Government signs up to being a menopause-friendly workplace

Wednesday 18 May 2022

Government signs up to being a menopause-friendly workplace

Wednesday 18 May 2022

The Government has committed to being a menopause-friendly workplace by signing up to a pledge created by the island’s Diversity Network.

The 51 Employers Pledge was signed by civil service head Suzanne Wylie, and the Vice-Chair of the States Employment Board, Constable Richard Buchanan, earlier this month.

Mrs Wylie said: “Menopause is a subject which is not often talked about openly in the workplace, despite the fact it has such a profound impact on many colleagues – either directly or indirectly.

“Signing the pledge is a mark of the Government’s commitment to encouraging more open conversations and adjusting our policies to be even more helpful to those going through this often-challenging life transition. 

Wylie Menopause pledge.jpg

Pictured: Government CEO Suzanne Wylie holding the 51 Employers Pledge certificate.

“It would be a great achievement for the island if other employers joined us, and the Diversity Network was able to reach its target of 51 employers signed up the pledge by Menopause Day on 18 October.”

The civil service is Jersey’s largest employer, and more than half of its 7,500 employees have either been through, are going through, or will go through the menopause at some point in their lives, with one in five experiencing severe menopausal symptoms that are likely to affect both them and their work colleagues.

Employers who sign the pledge commit to 14 actions:

  1. treat menopause with the same level of seriousness, care and support as we do with other physical and mental health conditions;
  2. take an individual approach to menopause support, recognising that everyone's journey is different and should be considered on a case-by-case basis;
  3. be inclusive in how we communicate about the menopause, recognising that:
    • some people experience early menopause or premature ovarian insufficiency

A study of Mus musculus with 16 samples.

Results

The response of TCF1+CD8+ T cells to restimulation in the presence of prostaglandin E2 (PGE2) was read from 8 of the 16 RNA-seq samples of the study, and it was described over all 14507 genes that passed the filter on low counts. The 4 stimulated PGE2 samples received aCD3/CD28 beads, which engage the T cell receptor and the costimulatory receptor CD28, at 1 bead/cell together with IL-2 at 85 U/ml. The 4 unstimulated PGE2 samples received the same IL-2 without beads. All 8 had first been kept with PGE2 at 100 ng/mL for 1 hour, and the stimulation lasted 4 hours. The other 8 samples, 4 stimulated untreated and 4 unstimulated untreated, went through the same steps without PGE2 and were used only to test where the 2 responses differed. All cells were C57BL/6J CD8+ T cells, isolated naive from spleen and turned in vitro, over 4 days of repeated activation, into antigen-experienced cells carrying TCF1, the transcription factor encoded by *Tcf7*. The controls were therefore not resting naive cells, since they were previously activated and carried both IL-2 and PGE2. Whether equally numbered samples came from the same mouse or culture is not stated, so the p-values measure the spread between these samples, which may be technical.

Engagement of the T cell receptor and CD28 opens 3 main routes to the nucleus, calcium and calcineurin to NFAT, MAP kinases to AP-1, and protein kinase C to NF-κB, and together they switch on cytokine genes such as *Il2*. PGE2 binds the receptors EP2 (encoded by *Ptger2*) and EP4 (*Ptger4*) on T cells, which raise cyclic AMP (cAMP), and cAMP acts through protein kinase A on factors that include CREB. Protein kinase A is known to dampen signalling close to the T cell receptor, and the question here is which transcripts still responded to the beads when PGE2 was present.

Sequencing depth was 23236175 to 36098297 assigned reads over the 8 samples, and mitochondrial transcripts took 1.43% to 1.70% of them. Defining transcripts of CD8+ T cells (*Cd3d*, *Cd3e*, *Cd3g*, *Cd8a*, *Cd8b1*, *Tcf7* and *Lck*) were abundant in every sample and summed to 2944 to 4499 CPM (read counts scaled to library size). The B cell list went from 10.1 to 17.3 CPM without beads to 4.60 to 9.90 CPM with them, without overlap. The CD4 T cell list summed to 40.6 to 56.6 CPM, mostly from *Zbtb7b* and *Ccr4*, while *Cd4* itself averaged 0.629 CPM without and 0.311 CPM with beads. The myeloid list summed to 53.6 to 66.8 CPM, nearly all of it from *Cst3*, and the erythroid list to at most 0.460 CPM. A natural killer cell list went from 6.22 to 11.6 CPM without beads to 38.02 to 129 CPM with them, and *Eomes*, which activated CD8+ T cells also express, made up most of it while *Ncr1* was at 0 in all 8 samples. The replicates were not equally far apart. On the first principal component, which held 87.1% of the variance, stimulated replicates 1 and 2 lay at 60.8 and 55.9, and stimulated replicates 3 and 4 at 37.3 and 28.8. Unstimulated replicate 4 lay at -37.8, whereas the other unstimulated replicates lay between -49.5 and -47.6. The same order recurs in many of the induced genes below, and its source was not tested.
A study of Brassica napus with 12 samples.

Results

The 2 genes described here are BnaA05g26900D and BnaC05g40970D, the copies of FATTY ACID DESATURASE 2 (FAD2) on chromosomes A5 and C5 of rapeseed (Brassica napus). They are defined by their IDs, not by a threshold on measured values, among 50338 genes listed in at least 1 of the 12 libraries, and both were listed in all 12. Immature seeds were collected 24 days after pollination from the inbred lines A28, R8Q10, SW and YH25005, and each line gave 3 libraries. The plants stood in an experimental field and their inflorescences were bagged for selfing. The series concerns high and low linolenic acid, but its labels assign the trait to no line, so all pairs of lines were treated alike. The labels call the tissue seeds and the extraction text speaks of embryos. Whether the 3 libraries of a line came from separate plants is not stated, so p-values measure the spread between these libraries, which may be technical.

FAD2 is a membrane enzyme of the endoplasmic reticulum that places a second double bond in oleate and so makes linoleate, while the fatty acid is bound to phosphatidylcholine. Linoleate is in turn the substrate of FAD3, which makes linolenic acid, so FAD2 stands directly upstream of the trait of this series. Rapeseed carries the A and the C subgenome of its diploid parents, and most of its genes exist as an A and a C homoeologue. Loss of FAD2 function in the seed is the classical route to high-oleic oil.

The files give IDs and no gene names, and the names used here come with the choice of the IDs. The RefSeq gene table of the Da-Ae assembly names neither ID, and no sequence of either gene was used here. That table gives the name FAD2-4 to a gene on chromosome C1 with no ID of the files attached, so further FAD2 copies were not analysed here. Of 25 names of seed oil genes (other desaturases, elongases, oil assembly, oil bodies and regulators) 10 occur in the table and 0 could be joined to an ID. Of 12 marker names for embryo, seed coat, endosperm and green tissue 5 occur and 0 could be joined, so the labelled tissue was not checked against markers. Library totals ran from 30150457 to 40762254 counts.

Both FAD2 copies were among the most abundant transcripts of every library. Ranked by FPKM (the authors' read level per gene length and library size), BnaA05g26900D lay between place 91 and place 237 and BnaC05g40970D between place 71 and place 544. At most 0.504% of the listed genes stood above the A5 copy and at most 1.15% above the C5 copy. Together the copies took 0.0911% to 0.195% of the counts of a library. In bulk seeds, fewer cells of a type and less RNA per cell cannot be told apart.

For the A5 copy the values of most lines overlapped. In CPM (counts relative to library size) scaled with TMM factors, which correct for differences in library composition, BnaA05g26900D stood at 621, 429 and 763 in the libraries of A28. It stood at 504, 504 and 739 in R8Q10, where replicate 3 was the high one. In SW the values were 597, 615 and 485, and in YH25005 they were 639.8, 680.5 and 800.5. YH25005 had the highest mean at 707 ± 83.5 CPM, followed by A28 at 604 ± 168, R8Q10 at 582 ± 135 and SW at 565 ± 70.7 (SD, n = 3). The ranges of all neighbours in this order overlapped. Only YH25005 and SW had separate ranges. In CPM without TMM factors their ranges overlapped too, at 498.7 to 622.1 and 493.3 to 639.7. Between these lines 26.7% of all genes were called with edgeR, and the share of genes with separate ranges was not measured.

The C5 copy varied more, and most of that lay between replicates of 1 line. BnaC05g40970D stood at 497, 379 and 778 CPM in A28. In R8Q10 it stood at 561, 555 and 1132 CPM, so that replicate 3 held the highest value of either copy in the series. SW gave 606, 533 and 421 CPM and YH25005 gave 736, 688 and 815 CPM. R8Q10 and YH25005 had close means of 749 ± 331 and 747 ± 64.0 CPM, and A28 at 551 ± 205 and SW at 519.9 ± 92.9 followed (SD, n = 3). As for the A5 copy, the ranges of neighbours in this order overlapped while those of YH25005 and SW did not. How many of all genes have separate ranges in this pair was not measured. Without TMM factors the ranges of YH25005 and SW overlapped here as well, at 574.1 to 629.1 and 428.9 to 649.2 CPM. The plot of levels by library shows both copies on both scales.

• some people go through menopause as a result of medication or surgery (medical and surgical menopause)
    • not everyone who goes through the menopause identifies as a woman - trans and non-binary individuals also experience menopause symptoms
  4. include menopause in our long-term wellbeing / diversity and inclusion strategy;
  5. educate all staff and line managers about the menopause and its impact through menopause awareness training, delivered by a qualified expert;
  6. make evidence-based information about the menopause available and accessible to all staff, including signposting to internal and external sources of support;
  7. create opportunities for staff to come together to talk about the menopause and support each other, such as a women's network or menopause café;
  8. update our sickness absence policy so that menopause, alongside menstrual and reproductive issues, are not considered as "sickness";
  9. offer flexible working options (such as working from home, flexi-time, part-time, job-sharing, redeployment) to support those affected by menopause symptoms and help them remain in work;
  10. enable a relaxed dress code to ensure staff are comfortable;
  11. ensure work areas are well ventilated with access to drinking water and make desk fans available for anyone who may be experiencing hot flushes;
  12. provide staff with a comfortable, quiet space where they can take time-out if needed;
  13. champion an inclusive culture, which challenges sexist, ageist and derogatory comments about the menopause;
  14. celebrate World Menopause Day.

This pledge is in addition to the Government’s Menopause Café, which is an online network for all colleagues who want to share experiences, knowledge and raise awareness around the menopause and its impact on people in the workplace.